Excerpts from “Sunday Morning Hymn Leading with a Shape-Note Twist,” class paper based on interview with Marty Broome, songleader at the Dasher Church of Christ, Lowndes County, by Billy Esra, PERS 2690, Fall, 2000, Laurie Kay Sommers, instructor.
The Dasher Church of Christ sings hymns from Praise for the Lord, a shape-note songbook that employs the seven-shape notation system. Each note on the scale, do-re-mi-fa-sol-la-ti, has its own unique shape….According to Steel, “From 1846 on, many tunebooks…were printed in seven shapes representing the seven syllables of the Italian system…Seven-shape notation is still in wide use in the southern United States, where it is used for gospel songbooks and some denominational hymnals” (Warren Steel, “Sacred Harp Singing FAQ,” 1997, www.mcsr.olemiss.edu/~mudws/faq/).
Before delving into the specific biographical details of Marty Broome, song leader for the Dasher Church of Christ, the history of the church requires definition. …The historical story begins in Europe.
In 1732 Charles II of England granted a charter to the ‘trustees for the Establishment of the Colony of Georgia, in America.” One of the purposes of these trustees was to furnish a ‘refuge for the distressed Salzburgers and other Protestants.” The first of the Salzburgers formed their own community and called in Ebenezer in the county of Effingham, March 1734 (Dasher Church of Christ Directory, “Our History, The Dasher Church of Christ, 1999, page 4).
Religious zeal, heavily influenced by the New Testament in the Bible, was elemental to the Salzburger community. “The movement to restore New Testament teaching to the extent of breaking denominational fellowship was effected by Herman Dasher” (Dasher Church of Christ, 1999, page 4). Dasher and his followers, including about 30 of the Salzburgers, came to Lowndes County in 1832. Richard Wisenbaker gave the church land for a church building. Originally the Corinth Church of Christ, the Dasher Church of Christ “met on the land donated by Wisenbaker until 1952 when it was moved about one quarter of a mile to its present location facing Georgia Christian School, in the community of Dasher, Georgia” (Dasher Church of Christ, 1999, page 4). Many families, including the Wisenbakers, McLeods, and Copelands, have been a part of the church and community for several generations.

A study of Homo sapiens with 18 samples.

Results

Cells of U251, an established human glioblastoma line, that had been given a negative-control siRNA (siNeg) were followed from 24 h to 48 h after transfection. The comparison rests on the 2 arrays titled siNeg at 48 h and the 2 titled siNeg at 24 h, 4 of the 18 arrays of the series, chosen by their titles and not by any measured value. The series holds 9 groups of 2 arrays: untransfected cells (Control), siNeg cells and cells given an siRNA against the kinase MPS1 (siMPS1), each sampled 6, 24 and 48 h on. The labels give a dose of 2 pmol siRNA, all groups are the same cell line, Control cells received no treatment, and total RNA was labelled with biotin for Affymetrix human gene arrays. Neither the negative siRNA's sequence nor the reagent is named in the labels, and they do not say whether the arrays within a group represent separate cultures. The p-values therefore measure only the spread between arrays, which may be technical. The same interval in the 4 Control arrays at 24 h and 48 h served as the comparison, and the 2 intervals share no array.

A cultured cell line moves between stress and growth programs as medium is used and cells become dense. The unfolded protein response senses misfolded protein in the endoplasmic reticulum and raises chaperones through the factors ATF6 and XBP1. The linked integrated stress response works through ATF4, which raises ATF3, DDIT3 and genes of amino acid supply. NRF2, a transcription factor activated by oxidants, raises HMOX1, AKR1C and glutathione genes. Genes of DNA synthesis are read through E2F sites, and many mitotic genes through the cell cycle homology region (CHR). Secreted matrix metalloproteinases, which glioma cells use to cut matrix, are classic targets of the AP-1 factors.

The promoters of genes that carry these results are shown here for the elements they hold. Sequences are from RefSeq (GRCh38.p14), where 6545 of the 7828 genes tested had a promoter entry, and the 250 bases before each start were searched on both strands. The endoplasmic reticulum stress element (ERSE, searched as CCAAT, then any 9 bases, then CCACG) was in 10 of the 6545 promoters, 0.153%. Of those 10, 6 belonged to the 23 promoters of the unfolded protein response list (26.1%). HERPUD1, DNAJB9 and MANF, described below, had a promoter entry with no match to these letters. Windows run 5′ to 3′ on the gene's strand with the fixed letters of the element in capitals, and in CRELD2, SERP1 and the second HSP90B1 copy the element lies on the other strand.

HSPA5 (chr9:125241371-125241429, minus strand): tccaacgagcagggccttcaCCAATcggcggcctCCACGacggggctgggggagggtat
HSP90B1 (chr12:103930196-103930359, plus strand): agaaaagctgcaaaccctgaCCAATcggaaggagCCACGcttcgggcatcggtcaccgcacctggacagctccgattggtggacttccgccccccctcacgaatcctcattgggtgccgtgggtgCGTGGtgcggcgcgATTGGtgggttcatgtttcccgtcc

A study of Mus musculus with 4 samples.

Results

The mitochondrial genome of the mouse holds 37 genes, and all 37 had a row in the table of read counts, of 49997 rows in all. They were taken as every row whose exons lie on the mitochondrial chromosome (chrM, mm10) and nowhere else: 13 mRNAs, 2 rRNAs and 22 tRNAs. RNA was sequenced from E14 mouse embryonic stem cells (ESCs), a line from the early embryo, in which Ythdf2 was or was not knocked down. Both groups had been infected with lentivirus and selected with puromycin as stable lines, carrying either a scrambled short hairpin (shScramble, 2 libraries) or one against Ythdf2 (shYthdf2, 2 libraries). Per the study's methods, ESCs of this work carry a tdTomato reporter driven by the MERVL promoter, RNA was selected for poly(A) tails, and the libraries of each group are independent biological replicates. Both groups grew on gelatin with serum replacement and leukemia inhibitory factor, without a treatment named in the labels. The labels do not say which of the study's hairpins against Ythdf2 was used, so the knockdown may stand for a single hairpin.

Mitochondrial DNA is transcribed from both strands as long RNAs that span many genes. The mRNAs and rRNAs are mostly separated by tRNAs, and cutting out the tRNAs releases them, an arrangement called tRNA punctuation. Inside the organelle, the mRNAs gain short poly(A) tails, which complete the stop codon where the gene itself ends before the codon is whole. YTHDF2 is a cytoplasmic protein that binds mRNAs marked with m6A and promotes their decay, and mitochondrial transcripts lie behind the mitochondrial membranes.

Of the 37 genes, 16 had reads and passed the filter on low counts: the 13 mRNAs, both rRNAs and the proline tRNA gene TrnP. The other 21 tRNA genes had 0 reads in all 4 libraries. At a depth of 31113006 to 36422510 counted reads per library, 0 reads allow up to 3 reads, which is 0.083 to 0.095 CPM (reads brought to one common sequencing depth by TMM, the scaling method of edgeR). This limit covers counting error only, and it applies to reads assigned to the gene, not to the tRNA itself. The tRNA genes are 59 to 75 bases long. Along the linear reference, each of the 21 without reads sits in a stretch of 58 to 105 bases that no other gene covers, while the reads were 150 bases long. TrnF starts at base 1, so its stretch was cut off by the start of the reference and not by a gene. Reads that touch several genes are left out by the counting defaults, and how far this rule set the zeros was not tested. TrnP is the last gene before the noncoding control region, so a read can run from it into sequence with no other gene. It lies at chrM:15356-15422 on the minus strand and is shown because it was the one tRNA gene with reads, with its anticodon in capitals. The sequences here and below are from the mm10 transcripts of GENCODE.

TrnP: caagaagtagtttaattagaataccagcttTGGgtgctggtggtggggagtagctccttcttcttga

Marty Broome and his family, though, have only attended the Dasher Church of Christ for one and one half years….Music holds a strong presence in the Broome family. Marty himself plays guitar, plays piano by ear, participates in various gospel quartets, and leads music at church….Marty claims, “I come from a long line of people that are interested in music.”…All of Marty’s brothers lead music; even Marty’s son, who is only 13, continues this family tradition of music and song leading….
Marty definitely enjoys song leading. In fact, he even teaches music leadership classes at the Church of Christ. He knows quite a bit about shape notations and its function in music, but he is not so sure that the congregation holds the same type of knowledge.
Most people that attend, even Dasher Church of Christ--and they’ve been singing shapenotes all of their lives--don’t really know what shapenotes are. They know that this is what they sing and this is what these notes always look like all of their lives, and all of their grandparent’s lives (Broome interview 11-12-2000).
They learn the songs by memorization. This folk tradition, along with the lack of instruments and four-part harmony, is a part of this community’s cultural heritage that has been passed down from generation to generation. To the members of the Dasher Church of Christ, shapenotes are not unusual. The seven-shape notation system and musical styles of singing without instruments are just part of the Sunday morning and evening ritual.
**Note: this seven-shape singing tradition is not a Salzburger tradition, but rather a musical style introduced through the Church of Christ denomination and part of the larger tradition of using seven-shape notation both for church hymnals and singing conventions.